Researchers surveyed 116 countries and calculated only 68% of adults were willing to get inoculated, still below the 70-90% scientists believe is needed to reach herd immunity.

The survey also revealed that 32% of adults, or 1.3 billion people, said they would not take the vaccine.

When broken down by individual countries, Myanmar had the highest percentage of adults willing to get the vaccine at 96%. Kazakhstan had the lowest at 25%. Overall, researchers said at least 38 countries would reach the minimum 70% for herd immunity.

The study pointed out the people living in Eastern Europe and former Soviet states were the least inclined to get the vaccine.

RELATED: US ‘herd immunity’ uncertain but vaccination will help restore some normalcy, experts say

Gallup also pointed out that the study was conducted during 2020 when a vaccine wasn’t readily available and countries were in different stages of the pandemic. The survey’s authors believe attitudes may have shifted since then as in the case of the United States. The 2020 World Poll showed only 53% of Americans were willing to get the vaccine. In March 2021, that number increased to 74%.

According to the U.S. Centers for Disease Control and Prevention, more than 130 million Americans have been fully vaccinated against COVID-19, representing 39.2% of the total US population.

The concept of “herd immunity” has been a goal since the onset of the pandemic. The term describes when enough people have immunity against COVID-19 — either from vaccination or a past infection — to stop the uncontrolled spread.

However, some US health officials believe herd immunity is unlikely. The New York Times reported that the reason is that the virus is mutating at a faster rate than vaccine jabs are being given. Rustom Antia, an evolutionary biologist at Emory University, told the paper that the virus is “unlikely to go away.”

In recent days, U.S. health officials and the White House have shifted away from setting a target percentage for the U.S. to reach herd immunity, and instead are focusing on getting as many vaccines into arms as possible amid sagging demand. Doing so will help lower virus cases, and in turn, restore a more recognizable normal for Americans, experts say.

RELATED: Biden administration takes on vaccine hesitancy with coalition of community, religious, celebrity partners

But the Gallup poll revealed that vaccine hesitancy still remains a problem across the globe.

CDC Director Rochelle Walensky previously said the agency is working to educate people about the science, data and safety of vaccines in order to combat vaccine hesitancy.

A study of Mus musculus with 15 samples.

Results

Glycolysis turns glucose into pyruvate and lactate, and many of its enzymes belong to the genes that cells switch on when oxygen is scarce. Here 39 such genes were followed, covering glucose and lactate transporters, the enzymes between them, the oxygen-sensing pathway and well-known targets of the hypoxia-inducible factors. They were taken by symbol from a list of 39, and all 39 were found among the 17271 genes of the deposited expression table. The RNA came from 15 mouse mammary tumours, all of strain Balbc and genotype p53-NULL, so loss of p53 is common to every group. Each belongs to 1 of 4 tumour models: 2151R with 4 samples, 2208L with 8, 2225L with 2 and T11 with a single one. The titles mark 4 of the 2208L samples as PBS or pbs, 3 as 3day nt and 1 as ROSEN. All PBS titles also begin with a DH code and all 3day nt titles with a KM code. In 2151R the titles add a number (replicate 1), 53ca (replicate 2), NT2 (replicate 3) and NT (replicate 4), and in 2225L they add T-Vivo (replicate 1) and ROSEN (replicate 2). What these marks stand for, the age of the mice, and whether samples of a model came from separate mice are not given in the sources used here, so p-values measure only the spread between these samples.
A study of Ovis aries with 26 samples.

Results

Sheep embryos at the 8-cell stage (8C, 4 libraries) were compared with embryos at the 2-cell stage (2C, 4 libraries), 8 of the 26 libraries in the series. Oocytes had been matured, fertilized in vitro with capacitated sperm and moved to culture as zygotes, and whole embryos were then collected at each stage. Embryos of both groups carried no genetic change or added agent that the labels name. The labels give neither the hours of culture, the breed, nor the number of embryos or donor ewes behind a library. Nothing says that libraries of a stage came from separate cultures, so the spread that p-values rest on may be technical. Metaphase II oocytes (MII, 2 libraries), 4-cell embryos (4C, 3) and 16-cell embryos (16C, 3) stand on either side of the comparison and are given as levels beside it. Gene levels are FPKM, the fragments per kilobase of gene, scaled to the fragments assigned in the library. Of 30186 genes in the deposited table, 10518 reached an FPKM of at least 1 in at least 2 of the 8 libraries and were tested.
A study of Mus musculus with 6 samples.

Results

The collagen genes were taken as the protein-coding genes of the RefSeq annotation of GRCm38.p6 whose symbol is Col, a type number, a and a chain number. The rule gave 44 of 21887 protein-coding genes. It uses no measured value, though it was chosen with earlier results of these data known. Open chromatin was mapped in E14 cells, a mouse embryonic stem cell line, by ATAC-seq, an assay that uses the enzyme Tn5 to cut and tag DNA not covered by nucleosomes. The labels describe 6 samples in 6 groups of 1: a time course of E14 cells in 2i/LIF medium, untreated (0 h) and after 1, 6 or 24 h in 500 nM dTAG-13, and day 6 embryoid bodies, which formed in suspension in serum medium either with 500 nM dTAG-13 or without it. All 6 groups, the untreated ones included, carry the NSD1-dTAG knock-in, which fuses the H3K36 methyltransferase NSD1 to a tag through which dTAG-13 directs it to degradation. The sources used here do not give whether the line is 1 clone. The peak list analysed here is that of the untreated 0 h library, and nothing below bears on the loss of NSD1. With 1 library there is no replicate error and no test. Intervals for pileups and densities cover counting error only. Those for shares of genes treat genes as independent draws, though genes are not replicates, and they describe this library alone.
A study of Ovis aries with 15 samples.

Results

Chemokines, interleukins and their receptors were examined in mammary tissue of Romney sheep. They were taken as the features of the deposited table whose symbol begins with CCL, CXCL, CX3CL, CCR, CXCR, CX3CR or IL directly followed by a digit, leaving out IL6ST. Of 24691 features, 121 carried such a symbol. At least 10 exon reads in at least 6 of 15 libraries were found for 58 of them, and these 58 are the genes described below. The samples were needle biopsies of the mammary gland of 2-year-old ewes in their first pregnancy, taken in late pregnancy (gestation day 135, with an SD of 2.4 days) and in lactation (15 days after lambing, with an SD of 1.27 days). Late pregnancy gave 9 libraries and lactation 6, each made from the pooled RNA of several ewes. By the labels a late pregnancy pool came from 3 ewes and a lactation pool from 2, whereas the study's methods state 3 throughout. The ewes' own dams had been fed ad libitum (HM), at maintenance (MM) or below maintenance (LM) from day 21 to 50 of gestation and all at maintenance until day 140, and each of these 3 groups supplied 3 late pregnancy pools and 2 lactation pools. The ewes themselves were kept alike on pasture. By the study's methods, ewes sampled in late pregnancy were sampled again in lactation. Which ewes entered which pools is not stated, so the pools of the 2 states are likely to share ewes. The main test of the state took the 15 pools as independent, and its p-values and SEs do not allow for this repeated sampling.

“We believe and know that the science moved quickly. We’ve enrolled 100,000 people in these trials and the science stood on the shoulders of years and years of work before to be able to deliver these vaccines,” Walensky told reporters in April during a virtual news conference.

“If people are worried about the side effects, we can convey the data of over 200 million vaccine doses and the safety and the scrutiny of that safety,” she continued. “So we need to meet people where they are and understand why they might be hesitant and then give them the information that combats that hesitancy.”

President Joe Biden also set a new goal of delivering at least one dose of vaccine to 70% of adult Americans by Independence Day and fully vaccinating at least 160 million by then.

The Biden administration even formed a coalition of community, religious and celebrity partners to promote COVID-19 shots. It’s called the COVID-19 Community Corps. The Department of Health and Human Services said Americans can expect to see ads on television centered on the message of “We Can Do This.”

Around the globe, some Africans are hesitating to get COVID-19 vaccines amid concerns about their safety, alarming public health officials as some countries start to destroy thousands of doses that expired before use.

Vaccine-related suspicions have been spread widely on social media, driven partly by a general lack of trust in authorities. Uganda’s health minister had to refute allegations she faked receiving a shot, even posting a video of herself getting the jab on Twitter, along with the admonition: “Please stop spreading fake news!”

Austin Demby, Sierra Leone’s health minister, told reporters last week that a third of the 96,000 doses the country received in March will likely not be used before they expire, citing a lack of urgency among some people who decided that COVID-19 is “not as bad as Ebola,” which ravaged the country several years ago.

FOX News, The Associated Press, Jordan Smith and Kelly Hayes contributed to this report. This story was reported from Los Angeles.